Most of us are all too familiar with the effects pumps can have on a transmission when they fail. No move, delayed engagements, clutches and/or bands incinerated and more. It is interesting to note the type of pump a transmission is using, and the advantages and dis-advantages associated with that style of pump. Take for example a gear and crescent style pump. This is otherwise known as an internal gear, positive displacement pump. It has been the primary fluid mover for years in automatic transmissions having three basic stages, it fills (sucks), transfers and delivers.

They have a limited number of moving parts and offer higher pressures and outputs than vane or lobe style pumps. And, they have better suction capabilities than an external gear style design and are well-matched to high viscosity fluids. One downside is that a Positive Displacement Pump will produce the same flow at a given speed (RPM) no matter the discharge pressure. A Positive Displacement Pumps is a “constant flow device” which must never function against a completely closed circuit continues to produce flow until the pressure in the discharge circuit has increased to the place where something bursts, or the pump is severely damaged, or both.

A relief or safety valve on the discharge side of the Positive Displacement Pump is absolutely necessary. Most gear pumps have circuits equipped with relief and/or safety valves for this reason. The draw back to any type of sudden pressure dump is the loss of horsepower (Fluid Power Horsepower (hp) = pressure (psi) x pump flow (gpm) / 1,714). If horsepower is lost too many times or for too long, transmission malfunction occurs.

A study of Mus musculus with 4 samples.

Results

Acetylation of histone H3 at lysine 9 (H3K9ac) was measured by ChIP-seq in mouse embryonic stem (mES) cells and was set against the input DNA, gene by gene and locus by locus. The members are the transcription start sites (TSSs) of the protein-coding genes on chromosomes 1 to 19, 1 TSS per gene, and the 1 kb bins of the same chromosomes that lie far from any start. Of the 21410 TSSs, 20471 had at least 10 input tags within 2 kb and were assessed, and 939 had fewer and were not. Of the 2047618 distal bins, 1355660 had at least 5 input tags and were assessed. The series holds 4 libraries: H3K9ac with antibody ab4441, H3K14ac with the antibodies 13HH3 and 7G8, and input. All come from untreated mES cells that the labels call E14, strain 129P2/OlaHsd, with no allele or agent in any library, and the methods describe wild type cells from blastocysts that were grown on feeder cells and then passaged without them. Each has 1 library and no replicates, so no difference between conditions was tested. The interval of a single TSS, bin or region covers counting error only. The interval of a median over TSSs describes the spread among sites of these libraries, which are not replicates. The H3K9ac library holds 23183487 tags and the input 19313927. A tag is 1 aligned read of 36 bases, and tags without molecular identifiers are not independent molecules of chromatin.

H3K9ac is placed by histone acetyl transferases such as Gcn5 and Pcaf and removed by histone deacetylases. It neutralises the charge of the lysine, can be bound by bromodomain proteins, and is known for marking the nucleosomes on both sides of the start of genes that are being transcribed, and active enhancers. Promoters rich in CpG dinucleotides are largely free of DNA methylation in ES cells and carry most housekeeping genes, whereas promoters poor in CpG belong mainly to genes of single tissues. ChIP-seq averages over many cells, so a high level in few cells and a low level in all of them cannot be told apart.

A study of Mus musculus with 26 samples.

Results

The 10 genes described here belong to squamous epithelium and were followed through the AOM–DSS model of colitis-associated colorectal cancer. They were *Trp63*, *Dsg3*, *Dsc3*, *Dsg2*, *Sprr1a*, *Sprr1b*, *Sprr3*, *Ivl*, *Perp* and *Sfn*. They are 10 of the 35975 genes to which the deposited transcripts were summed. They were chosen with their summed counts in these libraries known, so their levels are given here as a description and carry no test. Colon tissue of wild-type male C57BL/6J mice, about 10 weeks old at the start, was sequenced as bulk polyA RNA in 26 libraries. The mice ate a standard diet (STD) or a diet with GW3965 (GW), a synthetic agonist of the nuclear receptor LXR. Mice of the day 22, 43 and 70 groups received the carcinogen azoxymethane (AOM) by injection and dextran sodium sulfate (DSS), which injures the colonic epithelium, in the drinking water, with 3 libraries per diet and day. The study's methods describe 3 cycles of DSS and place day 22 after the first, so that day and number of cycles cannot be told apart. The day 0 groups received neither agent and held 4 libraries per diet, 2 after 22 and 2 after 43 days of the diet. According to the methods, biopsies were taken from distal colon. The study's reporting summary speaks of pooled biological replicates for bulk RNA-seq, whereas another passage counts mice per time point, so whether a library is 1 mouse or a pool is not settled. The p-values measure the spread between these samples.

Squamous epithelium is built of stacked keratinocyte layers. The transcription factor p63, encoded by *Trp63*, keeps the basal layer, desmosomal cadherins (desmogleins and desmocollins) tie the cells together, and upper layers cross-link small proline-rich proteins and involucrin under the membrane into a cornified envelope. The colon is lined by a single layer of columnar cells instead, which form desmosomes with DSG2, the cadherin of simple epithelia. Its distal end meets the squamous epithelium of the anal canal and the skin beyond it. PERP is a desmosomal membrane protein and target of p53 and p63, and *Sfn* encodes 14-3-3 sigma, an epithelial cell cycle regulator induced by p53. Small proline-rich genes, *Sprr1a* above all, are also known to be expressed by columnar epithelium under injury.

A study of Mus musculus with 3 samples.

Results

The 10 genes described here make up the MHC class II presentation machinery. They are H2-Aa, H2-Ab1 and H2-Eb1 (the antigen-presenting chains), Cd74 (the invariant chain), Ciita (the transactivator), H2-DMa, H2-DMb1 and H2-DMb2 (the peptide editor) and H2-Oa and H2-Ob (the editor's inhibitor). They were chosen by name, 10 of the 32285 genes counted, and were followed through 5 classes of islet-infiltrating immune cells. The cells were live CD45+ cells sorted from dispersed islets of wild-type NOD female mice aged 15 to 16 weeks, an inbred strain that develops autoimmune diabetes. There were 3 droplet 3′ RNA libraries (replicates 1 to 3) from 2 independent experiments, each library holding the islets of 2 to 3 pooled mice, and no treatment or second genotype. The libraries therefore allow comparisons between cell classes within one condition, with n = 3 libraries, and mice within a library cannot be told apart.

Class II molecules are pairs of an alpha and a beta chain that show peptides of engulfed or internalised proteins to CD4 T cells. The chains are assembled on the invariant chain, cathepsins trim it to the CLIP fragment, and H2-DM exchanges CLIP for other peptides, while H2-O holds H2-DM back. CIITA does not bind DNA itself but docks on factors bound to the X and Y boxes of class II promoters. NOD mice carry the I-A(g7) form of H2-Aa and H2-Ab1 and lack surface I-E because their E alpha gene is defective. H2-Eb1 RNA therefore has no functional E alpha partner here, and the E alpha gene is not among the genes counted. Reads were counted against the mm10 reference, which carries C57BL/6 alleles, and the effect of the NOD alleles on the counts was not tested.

A Variable Displacement Vane Pump on the other hand can maintain high pressures when needed at near 0 displacement (When the cam ring is centered on the axis of rotation and the chambers are equal size at the inlet and outlet. In this position, no fluid is pumped; displacement is zero).  A higher rated relief valve is in the system for safety only, but this style pump can maintain pressure without providing a continuous flow of oil. This style pump also has three basic stages, zero, minimum and maximum displacement output. Having this type of control over the pump not only provides to the transmission what it needs under various driving conditions, it also increases fuel economy. But it too is susceptible to failure.

Jon Fisher from Bell Transmissions dealt with a 2010 Chevrolet HHR that uses a 2.4L engine to power a 4T45E transmission that would exhibit a couple of issues. It came into the shop with complaints of falling out of 4th gear when easing off of the throttle at highway speed. The customer also stated that sometimes it would be in neutral at a stop after driving at highway speeds but would be okay again if the key was cycled.  The ATF was full, clean and did not smell burnt.  This compact sport utility vehicle was scanned and showed no fault codes.

When the unit was initially disassembled, no problems were found until the oil pump was split open. The pump slide springs was broken in several pieces (Figure 1).  The pump slide spring pushes the slide into the maximum output position. Decease oil pressure is delivered to the outer perimeter of the slide and is used to lower the output of the pump. With the spring broken, this pump remained in a minimum displacement state causing the falling out of gear complaints. There was not enough volume of oil being delivered under light throttle conditions.